Smart Partnerships for Successful Recycling Programs


Public space recycling involves the entire community and its success depends on attention, energy, and involvement of all participants – from organizers to city government and waste management departments to community members. Building strong partnerships takes time but it is an important component to the overall success of public space recycling programs and their future expansion, as well as producing efficient and effective solutions with long-term viability. 


What to consider when designing and launching recycling programs


1. Strong stakeholder relationships
Made up of community and government representatives invested and involved in the success of the program over the long haul, a strong group of stakeholders is the foundation of an effective program. Creating this collaborative group early on allows for greater participation that fosters project buy in and solidifies a commitment to successful outcome. Collaboration eliminates the feeling that these new programs are imposed upon people and offers an opportunity for participants to play an important role in the creation of the project – it makes people more interested in doing the work and doing it well. This group is responsible for:

Under the pressure of deadlines and budget, it’s important to remain focused and remember to identify and bring together the right stakeholders. This is the team with whom you will communicate, work and negotiate with. This takes time but it is essential to establishing new public space recycling programs. Creating a working group offers many worthwhile benefits, such as:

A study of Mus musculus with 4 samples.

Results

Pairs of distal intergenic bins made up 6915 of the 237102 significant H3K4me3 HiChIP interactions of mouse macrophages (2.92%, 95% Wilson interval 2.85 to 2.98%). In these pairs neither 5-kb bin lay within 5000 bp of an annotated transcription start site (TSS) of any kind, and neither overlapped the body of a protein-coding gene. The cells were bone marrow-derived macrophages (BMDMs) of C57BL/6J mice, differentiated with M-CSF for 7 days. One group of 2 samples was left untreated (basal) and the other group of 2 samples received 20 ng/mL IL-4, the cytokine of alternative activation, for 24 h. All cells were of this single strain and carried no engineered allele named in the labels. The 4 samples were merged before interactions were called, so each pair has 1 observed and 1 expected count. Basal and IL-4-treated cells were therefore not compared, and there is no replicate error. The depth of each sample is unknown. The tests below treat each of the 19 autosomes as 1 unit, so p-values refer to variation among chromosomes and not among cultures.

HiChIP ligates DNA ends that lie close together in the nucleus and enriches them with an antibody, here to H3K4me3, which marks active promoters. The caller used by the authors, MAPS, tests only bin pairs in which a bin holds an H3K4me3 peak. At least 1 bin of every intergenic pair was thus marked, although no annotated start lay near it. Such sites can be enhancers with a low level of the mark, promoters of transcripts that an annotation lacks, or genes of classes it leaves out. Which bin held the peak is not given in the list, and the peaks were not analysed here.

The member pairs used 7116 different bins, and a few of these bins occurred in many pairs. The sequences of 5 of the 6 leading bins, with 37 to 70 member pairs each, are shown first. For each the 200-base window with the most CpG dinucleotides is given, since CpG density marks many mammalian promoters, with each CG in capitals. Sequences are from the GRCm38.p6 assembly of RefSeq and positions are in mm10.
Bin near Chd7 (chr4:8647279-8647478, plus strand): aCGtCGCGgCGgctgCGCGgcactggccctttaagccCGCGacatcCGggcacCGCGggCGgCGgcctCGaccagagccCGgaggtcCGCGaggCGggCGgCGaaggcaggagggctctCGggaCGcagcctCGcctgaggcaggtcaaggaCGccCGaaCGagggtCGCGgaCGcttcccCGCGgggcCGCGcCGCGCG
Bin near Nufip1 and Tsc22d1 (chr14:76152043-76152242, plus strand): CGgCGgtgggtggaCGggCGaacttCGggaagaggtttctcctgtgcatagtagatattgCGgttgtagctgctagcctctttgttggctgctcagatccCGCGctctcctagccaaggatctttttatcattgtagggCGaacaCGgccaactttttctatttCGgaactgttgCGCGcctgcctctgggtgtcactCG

2. Conflict resolution – there will be challenges throughout the project development that need to be addressed, and compromises to negotiate. Keeping all partners focused on the common goal and dedicated to building collaboration will help navigate all the assumptions and competing needs. Knowing alignments and deviations in goals will help everyone gain a realistic understanding of how best to come to agreements. To help this process, all parties should consider addressing several questions early on:


3. Community involvementThis can range from meetings, forums and focus groups to online surveys. Such involvement can help everyone understand the level of involvement and investment from who, and how best to engage invested community members in the process and to formulate communications plans.